Banners of Gold (Alix of Wanthwaite Series Book 2) by Pamela Kaufman
English | 2020| General Fiction/Classics | Historical | ePUB | 4.9 MB
The enchanting Alix of Wanthwaite returns in a suspenseful and richly textured adventure in which nothing less than the future of England is at stake.
Alix is home at her beloved estate on the Scottish border when King Richard’s soldiers march into her castle and demand to take her to the Continent with them. King Richard has been captured while on Crusade, and Alix is among the nobles whose lives will be collateral for the king’s ransom. But when she’s delivered to Queen Eleanor of Aquitaine, Richard’s mother, she is dumbfounded to learn that the queen has other plans for her. King Richard needs an heir, Eleanor tells Alix. Repulsed by his queen, a homely religious fanatic, he has told his mother that the only woman he wants is the one he met on Crusade, when she was disguised as a boy. Richard wants Alix to be his mistress and the mother of the next Plantagenet king. Now a beguiling and irrepressible young woman, Alix faces more tribulations–and romance–on this trip to Europe, where affairs of the state and affairs of the heart are intricately intertwined.
She then repeated a tale I’d heard all through my childhood but had never found so real before, how Scots, painted with woad and berserking like savages had raided Wanthwaite and captured forty prisoners. The hostages, among them Annie, had marched naked through the snow to their deaths.
“ ’Tis a warning, Milady, and ye must heed it.”
“Aye, it couldn’t be coincidence.”
I shouldn’t have agreed. My doughty nurse, who is tough as a wild boar, waxed to a morbid frenzy, sobbing and groaning in ever louder wails until I became alarmed. I tried to undo the mischief.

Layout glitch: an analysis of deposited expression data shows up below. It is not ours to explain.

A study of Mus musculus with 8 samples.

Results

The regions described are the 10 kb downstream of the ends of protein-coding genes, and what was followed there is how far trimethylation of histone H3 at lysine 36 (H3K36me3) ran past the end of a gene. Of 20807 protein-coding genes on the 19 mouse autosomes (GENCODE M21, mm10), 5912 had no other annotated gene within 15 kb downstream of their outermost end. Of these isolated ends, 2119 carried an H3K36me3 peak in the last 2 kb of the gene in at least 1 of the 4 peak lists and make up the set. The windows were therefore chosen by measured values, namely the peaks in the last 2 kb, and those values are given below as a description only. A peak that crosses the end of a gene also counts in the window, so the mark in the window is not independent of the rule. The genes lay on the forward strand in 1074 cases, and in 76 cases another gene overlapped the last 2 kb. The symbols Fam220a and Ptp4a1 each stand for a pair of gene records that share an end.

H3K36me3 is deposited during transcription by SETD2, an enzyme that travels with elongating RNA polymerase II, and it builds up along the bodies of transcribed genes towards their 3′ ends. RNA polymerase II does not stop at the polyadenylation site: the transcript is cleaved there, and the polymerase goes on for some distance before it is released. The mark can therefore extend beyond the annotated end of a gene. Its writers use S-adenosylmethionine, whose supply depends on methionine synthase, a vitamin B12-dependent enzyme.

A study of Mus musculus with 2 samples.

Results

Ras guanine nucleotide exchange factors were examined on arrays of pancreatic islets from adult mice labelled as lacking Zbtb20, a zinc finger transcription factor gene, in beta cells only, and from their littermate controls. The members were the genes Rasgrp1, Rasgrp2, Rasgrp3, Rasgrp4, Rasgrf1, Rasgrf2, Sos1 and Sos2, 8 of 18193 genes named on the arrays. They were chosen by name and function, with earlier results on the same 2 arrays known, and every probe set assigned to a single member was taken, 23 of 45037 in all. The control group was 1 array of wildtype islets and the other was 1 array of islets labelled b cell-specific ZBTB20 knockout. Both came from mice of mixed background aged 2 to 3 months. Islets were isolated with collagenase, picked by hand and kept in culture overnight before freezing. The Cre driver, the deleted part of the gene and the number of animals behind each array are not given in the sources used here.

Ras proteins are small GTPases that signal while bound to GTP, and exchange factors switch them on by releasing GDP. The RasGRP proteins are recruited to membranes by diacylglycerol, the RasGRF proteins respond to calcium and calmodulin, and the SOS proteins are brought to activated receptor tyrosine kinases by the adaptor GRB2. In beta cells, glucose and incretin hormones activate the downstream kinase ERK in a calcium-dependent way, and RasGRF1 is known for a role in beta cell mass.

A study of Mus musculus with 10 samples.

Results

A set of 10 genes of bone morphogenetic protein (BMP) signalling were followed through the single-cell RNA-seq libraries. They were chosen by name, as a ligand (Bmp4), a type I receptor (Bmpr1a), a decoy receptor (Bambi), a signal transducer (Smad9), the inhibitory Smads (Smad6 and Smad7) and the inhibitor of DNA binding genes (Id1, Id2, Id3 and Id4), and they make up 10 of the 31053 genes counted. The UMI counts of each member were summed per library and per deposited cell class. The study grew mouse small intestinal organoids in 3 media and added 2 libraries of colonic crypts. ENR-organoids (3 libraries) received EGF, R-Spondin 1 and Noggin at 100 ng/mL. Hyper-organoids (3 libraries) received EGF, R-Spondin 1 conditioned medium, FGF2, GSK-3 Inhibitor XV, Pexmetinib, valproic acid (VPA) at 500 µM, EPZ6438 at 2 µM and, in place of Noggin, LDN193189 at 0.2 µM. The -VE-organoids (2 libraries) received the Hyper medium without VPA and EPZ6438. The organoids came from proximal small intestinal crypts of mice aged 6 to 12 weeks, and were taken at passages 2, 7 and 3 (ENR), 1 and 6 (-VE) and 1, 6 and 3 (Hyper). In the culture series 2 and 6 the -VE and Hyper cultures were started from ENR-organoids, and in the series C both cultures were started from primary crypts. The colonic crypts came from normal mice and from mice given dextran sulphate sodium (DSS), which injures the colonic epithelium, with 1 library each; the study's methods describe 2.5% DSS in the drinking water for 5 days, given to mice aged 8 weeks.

“Be brave, Margery. Remember that I was only eleven when I left before and came back safely.”
She blew her nose on her barmcloth and gradually gained control.
“I’m sorry, honey-lips. I’ll take hold in a moment, but…”
I stroked her thin hair.
“But it’s different, Alix. Last time ye were forced to flee Wanthwaite for yer life. But why should ye go now? To rot in prison fer that worthless king? Look how he abused ye before. The whole scheme be daft.”
“Aye,” I agreed forlornly.
“Last time ye had Enoch to protect ye.”
I couldn’t deny it.
“Fer yer sake—and fer his—I hope ye’re together soon.”
Wind yowled at the base of the tower, and suddenly I saw my mother at the snow-rimmed window as she’d stood that last night, moaning and praying for my father—both of them dead the next day. Where was Enoch now? How grave was his wound?
“I love him!” I cried vehemently, and my voice echoed like a thin shadow.
“Of course ye do, sweets.”
The firebrand went out, leaving only a glowing ash, but we didn’t move. I felt the power of her argument, though I needed no omen to strengthen my resolve, but what could I do? My few Scots against sixteen armed mercenaries, the weight of that seal…King Richard. Who could have anticipated the long reach of the king’s wrath?